Tuesday, April 12, 2005

Susitna Summer

Well here's part of the answer to my questions below. Steve Durr plays to river rafters and self-publishes his music. One can only wonder how much this can bring in, or cost but then being locally famous in a small pond is easier than the traditional market. "Pursuing his artistic endeavors," is how Durr describes his life at Back-Lake today noting that all of the other cabins from the old days stand empty and the settlers I met in 1976 either died or moved on unable to make a living in Chase. But not him and his dad and brother. Gee ya think? How is it that only the Durrs can do so? Where does their grubstake come from? We don't learn that in the book that's for sure, since thirty years of living are left out.

I listened to all of the clips on his CD and while there is something resembling craft there such as with the track "Fishing Hole" where he laments too many people, I don't find Durr's voice to be distinctive or well-suited to the work. He just kind of drones in the background. I can't imagine how it plays standing in the river. I only recall hearing him and his brother Jon at the Fairview Inn in Talkeetna once and bar bands rarely register with me anyway unless they're known. As for the lyrics, he's been in the woods too long wondering what it is the crow is telling him outside his remote window. Take this from a biologist: nothing concerning you; the incessent rain and gloom of the woods and the like. I did wonder about the girl drowning in the lake though. Did she? The amazing thing to me is he recorded this work in his cabin sans electricity. He must have a generator which would be too noisy or some other source of battery powered juice, but nevertheless the tracks sound home made.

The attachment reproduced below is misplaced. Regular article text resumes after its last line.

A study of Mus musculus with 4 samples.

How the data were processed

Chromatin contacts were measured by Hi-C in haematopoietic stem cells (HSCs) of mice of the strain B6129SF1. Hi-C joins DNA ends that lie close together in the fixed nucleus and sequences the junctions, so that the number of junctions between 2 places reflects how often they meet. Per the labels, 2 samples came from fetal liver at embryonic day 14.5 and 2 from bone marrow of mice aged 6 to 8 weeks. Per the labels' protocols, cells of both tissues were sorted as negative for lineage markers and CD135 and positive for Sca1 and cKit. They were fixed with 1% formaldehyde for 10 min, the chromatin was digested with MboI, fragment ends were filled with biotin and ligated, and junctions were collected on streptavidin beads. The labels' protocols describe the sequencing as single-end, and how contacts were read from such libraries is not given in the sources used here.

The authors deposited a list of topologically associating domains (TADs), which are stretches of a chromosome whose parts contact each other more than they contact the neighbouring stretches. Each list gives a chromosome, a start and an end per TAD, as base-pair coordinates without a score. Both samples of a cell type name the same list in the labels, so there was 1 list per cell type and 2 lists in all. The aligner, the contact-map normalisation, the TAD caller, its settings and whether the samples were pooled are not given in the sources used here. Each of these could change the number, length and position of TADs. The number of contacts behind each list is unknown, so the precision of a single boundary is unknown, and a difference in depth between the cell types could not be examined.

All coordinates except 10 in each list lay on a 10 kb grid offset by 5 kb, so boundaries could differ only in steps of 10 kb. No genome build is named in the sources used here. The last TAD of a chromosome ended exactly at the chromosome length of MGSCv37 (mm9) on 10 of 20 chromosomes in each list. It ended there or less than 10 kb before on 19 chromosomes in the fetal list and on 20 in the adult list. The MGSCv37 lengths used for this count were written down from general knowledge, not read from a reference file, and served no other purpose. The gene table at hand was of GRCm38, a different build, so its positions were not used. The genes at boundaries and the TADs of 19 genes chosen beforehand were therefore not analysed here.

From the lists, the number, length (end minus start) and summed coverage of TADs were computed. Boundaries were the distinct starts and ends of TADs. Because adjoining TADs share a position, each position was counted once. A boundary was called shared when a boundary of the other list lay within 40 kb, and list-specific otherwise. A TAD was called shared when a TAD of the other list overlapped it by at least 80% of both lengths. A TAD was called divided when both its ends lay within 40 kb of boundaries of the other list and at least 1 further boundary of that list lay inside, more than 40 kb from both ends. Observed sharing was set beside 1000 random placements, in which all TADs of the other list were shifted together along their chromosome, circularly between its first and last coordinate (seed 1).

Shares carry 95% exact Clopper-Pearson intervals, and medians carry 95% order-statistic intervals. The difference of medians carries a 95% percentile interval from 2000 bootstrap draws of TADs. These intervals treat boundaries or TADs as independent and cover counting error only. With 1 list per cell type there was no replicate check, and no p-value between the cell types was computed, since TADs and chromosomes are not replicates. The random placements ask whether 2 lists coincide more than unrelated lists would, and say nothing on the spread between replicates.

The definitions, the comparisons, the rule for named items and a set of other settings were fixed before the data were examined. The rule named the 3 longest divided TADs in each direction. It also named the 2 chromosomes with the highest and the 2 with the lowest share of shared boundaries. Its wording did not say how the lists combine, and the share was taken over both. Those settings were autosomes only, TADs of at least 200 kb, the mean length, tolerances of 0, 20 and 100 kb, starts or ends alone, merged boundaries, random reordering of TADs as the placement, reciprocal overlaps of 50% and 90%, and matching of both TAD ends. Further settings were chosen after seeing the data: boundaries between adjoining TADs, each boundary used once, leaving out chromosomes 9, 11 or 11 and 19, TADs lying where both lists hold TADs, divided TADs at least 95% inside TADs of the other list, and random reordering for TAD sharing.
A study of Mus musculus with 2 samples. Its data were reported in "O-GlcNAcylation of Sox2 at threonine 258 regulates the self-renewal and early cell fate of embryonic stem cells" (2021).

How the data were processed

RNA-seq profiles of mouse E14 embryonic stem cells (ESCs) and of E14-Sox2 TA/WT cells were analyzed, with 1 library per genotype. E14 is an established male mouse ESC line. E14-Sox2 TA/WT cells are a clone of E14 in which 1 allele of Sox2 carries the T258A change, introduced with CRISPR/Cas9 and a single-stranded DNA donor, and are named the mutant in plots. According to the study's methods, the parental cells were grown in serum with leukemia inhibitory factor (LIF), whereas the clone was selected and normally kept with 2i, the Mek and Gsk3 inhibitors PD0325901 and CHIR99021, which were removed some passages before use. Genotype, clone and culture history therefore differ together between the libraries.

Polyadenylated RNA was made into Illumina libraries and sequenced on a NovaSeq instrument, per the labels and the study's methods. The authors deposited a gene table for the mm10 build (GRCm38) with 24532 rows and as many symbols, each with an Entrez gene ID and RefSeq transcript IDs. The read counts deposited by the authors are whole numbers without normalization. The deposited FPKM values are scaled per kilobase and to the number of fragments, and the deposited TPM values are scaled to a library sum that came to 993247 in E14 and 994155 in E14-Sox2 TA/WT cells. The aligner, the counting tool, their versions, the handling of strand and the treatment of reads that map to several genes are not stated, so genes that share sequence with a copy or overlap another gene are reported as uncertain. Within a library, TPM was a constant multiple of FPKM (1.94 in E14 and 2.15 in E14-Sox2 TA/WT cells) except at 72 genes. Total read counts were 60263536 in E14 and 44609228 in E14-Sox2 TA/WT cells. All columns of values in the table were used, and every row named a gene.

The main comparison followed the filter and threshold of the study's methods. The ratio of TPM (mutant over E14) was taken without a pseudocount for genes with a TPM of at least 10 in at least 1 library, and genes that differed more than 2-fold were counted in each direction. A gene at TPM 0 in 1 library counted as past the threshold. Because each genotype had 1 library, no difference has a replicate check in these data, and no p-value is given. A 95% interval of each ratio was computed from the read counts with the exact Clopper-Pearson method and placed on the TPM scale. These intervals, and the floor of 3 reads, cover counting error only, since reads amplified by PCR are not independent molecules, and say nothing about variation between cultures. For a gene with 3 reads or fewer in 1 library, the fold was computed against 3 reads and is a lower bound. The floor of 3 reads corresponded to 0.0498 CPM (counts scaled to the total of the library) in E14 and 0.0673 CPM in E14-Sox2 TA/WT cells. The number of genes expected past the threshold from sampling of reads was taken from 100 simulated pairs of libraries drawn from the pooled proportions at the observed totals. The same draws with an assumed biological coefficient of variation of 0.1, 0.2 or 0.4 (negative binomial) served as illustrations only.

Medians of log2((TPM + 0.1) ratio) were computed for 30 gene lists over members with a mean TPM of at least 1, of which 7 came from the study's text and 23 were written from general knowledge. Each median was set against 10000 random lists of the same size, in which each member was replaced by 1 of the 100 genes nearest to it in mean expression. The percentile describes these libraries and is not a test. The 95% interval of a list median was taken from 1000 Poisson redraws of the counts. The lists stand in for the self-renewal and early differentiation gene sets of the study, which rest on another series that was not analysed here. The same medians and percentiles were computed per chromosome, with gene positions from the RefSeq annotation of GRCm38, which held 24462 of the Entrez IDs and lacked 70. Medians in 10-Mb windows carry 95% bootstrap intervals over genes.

Look, Durr chose a tough line of work in a tough place, but he'll get to live out the fantasy and that has value. Like all vanity work, it's not the same as a real music career. I think opening for Peter Yarrow and his brother Jon is misleading advertising. That's quite a range of credentials.

The impression I got at Chase was that of New Yorkers wanting to shut the gate behind them. Looks like they did. It's still Morrisville (NY) north as it was when I went there. Nothing has changed, still marginal musicians hanging on.